Once owned by Thomas Jefferson and listed on the National Register of Historic Places, the 215-foot tall Natural Bridge is a limestone gorge carved out by Cedar Creek. The newest Virginia State Park is more than just the bridge. Beautiful forests, open, rolling meadows showcase the area’s karst terrain, and vistas of surrounding mountains and the James River valley display nature’s splendor. Access these via 6 miles of hiking trails, including the accessible Cedar Creek Trail that leads from the bridge to the Monacan Indian Village and Lace Falls with its 30-foot cascade. Living history programs connect you to the past and cover how people once used the area’s resources for survival and inspiration. Start at the Rockbridge Center where you will find exhibits and a gift shop.
8 a.m. - dusk
(Note: Many places fill to capacity on busy, nice weather days, especially holiday weekends. Please call ahead or visit the official website to get the most up-to-date information before visiting.)
Admission per person is $6 for ages 6-12 and $8 for those 13 and older.
More than 6 miles of hiking trails wind through the park providing a glimpse of nature. The Cedar Creek Trail is universally accessible and goes under the Natural Bridge to the Monacan Village, Lost River and Lace Falls. The nearly 2 miles of Buck Hill Trail and more than 3 miles of the Monacan Trail offer spectacular views of the Blue Ridge and Appalachian Mountains. Pack a lunch to take along and enjoy many scenic vistas. Cedar Creek Trail access beyond the bridge is limited during winter; call before arriving for details.
There are not designated swimming areas.
Fishing and Boating
There are no designated fishing areas in the park, but the nearby James River has plenty of sunfish, smallmouth bass, catfish and muskie. Access the James from DGIF ramps in Buchanan and Arcadia in Botetourt County and take out in Glasgow in Rockbridge County.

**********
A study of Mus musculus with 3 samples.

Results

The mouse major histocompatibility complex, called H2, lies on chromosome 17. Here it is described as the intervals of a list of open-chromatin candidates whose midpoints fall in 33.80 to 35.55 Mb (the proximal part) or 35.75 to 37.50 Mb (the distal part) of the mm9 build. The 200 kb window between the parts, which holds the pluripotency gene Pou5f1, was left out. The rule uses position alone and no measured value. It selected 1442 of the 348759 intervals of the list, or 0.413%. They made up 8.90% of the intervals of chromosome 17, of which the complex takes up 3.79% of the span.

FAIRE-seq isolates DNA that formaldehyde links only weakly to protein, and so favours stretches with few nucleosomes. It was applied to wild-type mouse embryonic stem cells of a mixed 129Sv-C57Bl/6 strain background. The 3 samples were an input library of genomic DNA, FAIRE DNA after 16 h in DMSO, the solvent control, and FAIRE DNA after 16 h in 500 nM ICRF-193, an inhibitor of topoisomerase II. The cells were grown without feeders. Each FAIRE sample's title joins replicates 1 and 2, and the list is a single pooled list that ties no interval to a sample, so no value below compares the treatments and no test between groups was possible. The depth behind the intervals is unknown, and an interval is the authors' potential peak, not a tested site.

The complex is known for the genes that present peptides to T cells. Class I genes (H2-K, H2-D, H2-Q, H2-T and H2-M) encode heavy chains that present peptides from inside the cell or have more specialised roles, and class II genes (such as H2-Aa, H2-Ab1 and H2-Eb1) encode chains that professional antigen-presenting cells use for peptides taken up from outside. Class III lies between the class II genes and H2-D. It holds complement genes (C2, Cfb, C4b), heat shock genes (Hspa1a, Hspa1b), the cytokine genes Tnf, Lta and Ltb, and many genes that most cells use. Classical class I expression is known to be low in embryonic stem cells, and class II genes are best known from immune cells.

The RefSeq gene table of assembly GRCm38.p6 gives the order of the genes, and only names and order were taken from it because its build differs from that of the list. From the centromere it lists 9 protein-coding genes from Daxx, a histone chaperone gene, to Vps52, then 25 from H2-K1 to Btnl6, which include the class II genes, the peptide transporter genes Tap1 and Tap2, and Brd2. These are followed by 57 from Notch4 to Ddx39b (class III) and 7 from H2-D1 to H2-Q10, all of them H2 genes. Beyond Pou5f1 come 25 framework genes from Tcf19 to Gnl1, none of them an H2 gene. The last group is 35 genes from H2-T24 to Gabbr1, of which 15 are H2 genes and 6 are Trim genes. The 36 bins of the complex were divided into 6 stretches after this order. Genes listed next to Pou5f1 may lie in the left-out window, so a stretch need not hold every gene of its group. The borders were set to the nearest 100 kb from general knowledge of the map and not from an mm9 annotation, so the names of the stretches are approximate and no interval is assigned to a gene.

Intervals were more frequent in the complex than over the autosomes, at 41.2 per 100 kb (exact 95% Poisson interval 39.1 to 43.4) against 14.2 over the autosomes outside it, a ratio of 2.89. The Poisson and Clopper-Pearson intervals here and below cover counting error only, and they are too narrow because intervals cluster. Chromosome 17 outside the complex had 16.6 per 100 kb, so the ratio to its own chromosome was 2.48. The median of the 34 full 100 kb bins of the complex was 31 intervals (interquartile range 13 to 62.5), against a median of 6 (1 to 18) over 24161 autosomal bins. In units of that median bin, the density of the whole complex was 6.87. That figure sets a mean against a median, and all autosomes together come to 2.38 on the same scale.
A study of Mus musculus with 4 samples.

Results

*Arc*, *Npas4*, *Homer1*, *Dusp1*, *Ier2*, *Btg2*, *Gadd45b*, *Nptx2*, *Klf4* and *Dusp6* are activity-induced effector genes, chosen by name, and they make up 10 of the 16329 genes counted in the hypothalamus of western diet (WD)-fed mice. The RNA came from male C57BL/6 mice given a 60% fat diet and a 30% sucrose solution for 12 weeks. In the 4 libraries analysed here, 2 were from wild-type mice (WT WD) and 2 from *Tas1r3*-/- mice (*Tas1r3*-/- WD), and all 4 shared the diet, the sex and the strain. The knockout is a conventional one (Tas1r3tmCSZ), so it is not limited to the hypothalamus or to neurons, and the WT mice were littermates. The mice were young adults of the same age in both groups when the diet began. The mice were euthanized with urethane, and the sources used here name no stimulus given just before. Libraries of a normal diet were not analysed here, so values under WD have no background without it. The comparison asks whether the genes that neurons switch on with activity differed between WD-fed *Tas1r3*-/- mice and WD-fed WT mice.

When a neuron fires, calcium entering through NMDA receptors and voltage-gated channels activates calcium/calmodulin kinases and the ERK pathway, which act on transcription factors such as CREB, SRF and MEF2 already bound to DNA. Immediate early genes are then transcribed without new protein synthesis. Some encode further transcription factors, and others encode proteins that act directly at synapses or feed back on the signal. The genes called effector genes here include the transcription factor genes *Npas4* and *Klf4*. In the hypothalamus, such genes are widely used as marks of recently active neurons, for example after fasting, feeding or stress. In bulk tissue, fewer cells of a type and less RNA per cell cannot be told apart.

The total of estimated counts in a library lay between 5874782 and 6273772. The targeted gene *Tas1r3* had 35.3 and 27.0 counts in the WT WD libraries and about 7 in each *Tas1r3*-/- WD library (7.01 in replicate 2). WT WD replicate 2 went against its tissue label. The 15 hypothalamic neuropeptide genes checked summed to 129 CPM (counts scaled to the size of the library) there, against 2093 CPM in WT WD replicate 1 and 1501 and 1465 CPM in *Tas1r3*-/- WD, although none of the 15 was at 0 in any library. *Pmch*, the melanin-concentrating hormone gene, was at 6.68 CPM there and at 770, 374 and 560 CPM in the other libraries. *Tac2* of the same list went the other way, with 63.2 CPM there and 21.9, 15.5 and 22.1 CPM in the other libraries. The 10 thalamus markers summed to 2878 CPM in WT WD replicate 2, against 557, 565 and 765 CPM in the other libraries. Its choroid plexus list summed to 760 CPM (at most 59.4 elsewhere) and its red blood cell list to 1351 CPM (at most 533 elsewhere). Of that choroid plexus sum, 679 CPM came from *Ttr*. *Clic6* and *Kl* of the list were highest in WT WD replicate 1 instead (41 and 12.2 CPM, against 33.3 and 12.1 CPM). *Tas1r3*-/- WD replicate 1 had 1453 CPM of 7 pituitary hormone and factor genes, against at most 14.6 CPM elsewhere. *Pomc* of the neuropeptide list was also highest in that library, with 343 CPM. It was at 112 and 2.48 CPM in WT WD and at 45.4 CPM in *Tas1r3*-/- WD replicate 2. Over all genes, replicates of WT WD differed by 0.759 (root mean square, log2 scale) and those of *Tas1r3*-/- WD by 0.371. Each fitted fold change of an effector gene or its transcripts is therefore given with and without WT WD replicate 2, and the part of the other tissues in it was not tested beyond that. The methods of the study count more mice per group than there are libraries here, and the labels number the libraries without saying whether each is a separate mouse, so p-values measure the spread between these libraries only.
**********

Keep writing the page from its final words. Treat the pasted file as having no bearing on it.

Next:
Nature and History Programs
Experience life in a typical Monacan Indian settlement in the park’s outdoor exhibit from April 1 through Thanksgiving weekend. Learn about gardening, cooking, tool production, pottery making, basket weaving and more. An indoor classroom offers an alternative Monacan history exhibit including a replica wigwam as well as a nature exhibit when the outdoor exhibit is closed seasonally or because of inclement weather. Programs about the area's geology and diverse biology also are available.
In 1774, Thomas Jefferson bought the bridge and 157 surrounding acres from King George III of England for 20 shillings. The bridge passed from one private owner to the next and became a tourist destination.
In May 2013, then owner Angelo Puglisi announced plans to sell the Natural Bridge complex by year's end. Nearby Lexington, Rockbridge and Buena Vista passed resolutions urging a positive outcome as did land trusts across Virginia and the nation. The Valley Conservation Council and Rockbridge Area Conservation Council hosted tours, wrote articles, encouraged support and formed the Friends of Natural Bridge.
On Feb. 6, 2014, the dream to ensure protection of the bridge in perpetuity came together thanks to the nonprofit Virginia Conservation Legacy Fund and its leader, Tom Clarke. Puglisi gifted the bridge and 188 acres of the property — valued at $21 million — to the fund. The nonprofit group agreed to pay for the remaining 1,300 acres with a loan from the Virginia Clean Water Revolving Loan Fund, from the Virginia Department of Environmental Quality and the Virginia Resources Authority.
The state will not own the Natural Bridge property until the debt is paid off but took over management of about 1,500 acres here on Sept. 24, 2016. The state park does not include the Natural Bridge Hotel and Conference Center or the Caverns at Natural Bridge. Learn about the Virginia Conservation Legacy Fund's facilities and activities here as well.